Naked Mole-Rats Offer Pain Relief Insights
By Roxanne Palmer | September 26, 2012 7:03 AM EST
It might look like a wrinkly hot dog with teeth, but the naked mole-rat is actually an amazingly hardy animal. They can live up to be 30 years old – more than 10 times the lifespan of some similarly-sized rodents. As far as we know, they’re impervious to cancer. And they live in environments that most mammals would find toxic.
Maybe, by finding out what makes the naked mole-rat so long-lived and robust, we can borrow a little bit of that staying power for ourselves. Aging researchers, for example, recently zeroed in on the brain protein Neuregulin 1, or NRG-1, finding that naked mole rats had the most plentiful and persistent supply of it among all the rodent species they studied.
Now some researchers are trying to figure out how naked mole-rats can cheerfully traipse through acidic fumes that make other animals gag. The answer could lead to better treatments for chronic pain.
In a recent paper published in the journal PLoS ONE, researchers from the University of Illinois at Chicago delved into how naked mole-rats are able to survive in carbon dioxide-rich environments that would be too acidic and painful for us to survive in. They say understanding the rodent’s mechanism of resisting pain could contribute to more powerful treatments for chronic pain in humans.
Carbon dioxide builds up in naked mole-rat nests because their underground habitats are very crowded and poorly ventilated, the authors wrote. These conditions make the air in a naked mole-rat nest very acidic, which would normally trigger pain pathways that are activated by acidic fumes.
The UIC researchers wanted to test the naked mole-rat’s behavior in acidic environments, so they put test animals in cages that contained various strengths of acidic fumes. The naked mole-rats seemed oblivious to most concentrations of fumes, wandering around in acidic and non-acidic environments for about the same amount of time. They only began to avoid acidic fumes at very high levels, way beyond what made experimental rats and mice flee the room, according to the paper.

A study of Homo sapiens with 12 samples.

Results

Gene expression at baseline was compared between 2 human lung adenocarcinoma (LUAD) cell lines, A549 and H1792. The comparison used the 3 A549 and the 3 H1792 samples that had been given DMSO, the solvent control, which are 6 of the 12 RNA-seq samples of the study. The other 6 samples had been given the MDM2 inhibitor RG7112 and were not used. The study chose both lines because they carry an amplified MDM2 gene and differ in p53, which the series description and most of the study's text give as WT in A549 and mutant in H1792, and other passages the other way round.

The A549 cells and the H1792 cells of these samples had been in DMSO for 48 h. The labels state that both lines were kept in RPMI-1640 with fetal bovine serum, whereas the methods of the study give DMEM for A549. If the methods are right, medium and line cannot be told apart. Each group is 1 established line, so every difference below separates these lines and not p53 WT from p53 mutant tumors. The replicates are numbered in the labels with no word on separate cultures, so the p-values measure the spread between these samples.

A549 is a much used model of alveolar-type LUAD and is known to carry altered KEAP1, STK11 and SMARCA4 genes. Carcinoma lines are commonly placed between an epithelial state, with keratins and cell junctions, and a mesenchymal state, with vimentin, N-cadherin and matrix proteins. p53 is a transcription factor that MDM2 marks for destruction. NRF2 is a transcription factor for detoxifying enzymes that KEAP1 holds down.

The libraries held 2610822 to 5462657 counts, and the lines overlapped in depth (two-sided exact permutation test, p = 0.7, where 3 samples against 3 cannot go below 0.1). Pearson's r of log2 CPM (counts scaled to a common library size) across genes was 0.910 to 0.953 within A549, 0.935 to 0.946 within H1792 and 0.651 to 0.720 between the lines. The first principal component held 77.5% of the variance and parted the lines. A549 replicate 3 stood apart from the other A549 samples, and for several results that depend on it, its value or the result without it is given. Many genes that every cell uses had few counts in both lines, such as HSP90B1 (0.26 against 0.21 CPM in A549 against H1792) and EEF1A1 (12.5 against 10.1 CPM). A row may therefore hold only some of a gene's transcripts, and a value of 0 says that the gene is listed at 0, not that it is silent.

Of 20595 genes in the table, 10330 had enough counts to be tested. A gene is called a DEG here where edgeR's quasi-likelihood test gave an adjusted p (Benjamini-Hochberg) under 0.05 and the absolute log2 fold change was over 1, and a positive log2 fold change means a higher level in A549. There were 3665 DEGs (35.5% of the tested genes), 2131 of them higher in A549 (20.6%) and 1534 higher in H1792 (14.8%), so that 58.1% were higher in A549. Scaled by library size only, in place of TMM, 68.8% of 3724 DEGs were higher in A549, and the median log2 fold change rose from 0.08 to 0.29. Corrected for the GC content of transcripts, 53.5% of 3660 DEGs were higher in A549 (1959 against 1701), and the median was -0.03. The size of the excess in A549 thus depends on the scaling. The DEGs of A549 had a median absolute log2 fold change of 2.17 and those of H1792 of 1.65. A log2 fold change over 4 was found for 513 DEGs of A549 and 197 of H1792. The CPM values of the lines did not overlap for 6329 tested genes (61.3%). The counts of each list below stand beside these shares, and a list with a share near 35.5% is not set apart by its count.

To gauge whether or not the naked mole-rats were responding physiologically to the acidic environment, the scientists measured a protein called c-Fos, which can help determine if nerve cells are firing.
They found that the naked mole-rats had no activity in the trigeminal nucleus – a bundle of nerves in the brainstem that serves as a repository for sensory information, including pain -- in response to the acidic fumes. But in rats and mice, acidic environments activated the trigeminal nucleus, and caused the animals to rub their noses and try to avoid the fumes.
The authors think that the naked mole-rat's unique pain pathway is a special adaptation for living in its crowded, carbon-dioxide rich environment. By better understanding how naked mole-rats tamp down their pain response to acidic environments, scientists may be able to dull the pain caused by acidification of injured tissues.
"Acidification is an unavoidable side-effect of injury," author Thomas Park said in a statement. "Studying an animal that feels no pain from an acidified environment should lead to new ways of alleviating pain in humans."
SOURCE: LaVinka et al. “Blunted Behavioral and C Fos Responses to Acidic Fumes in the African Naked Mole-Rat.” PLoS ONE 7: e45060.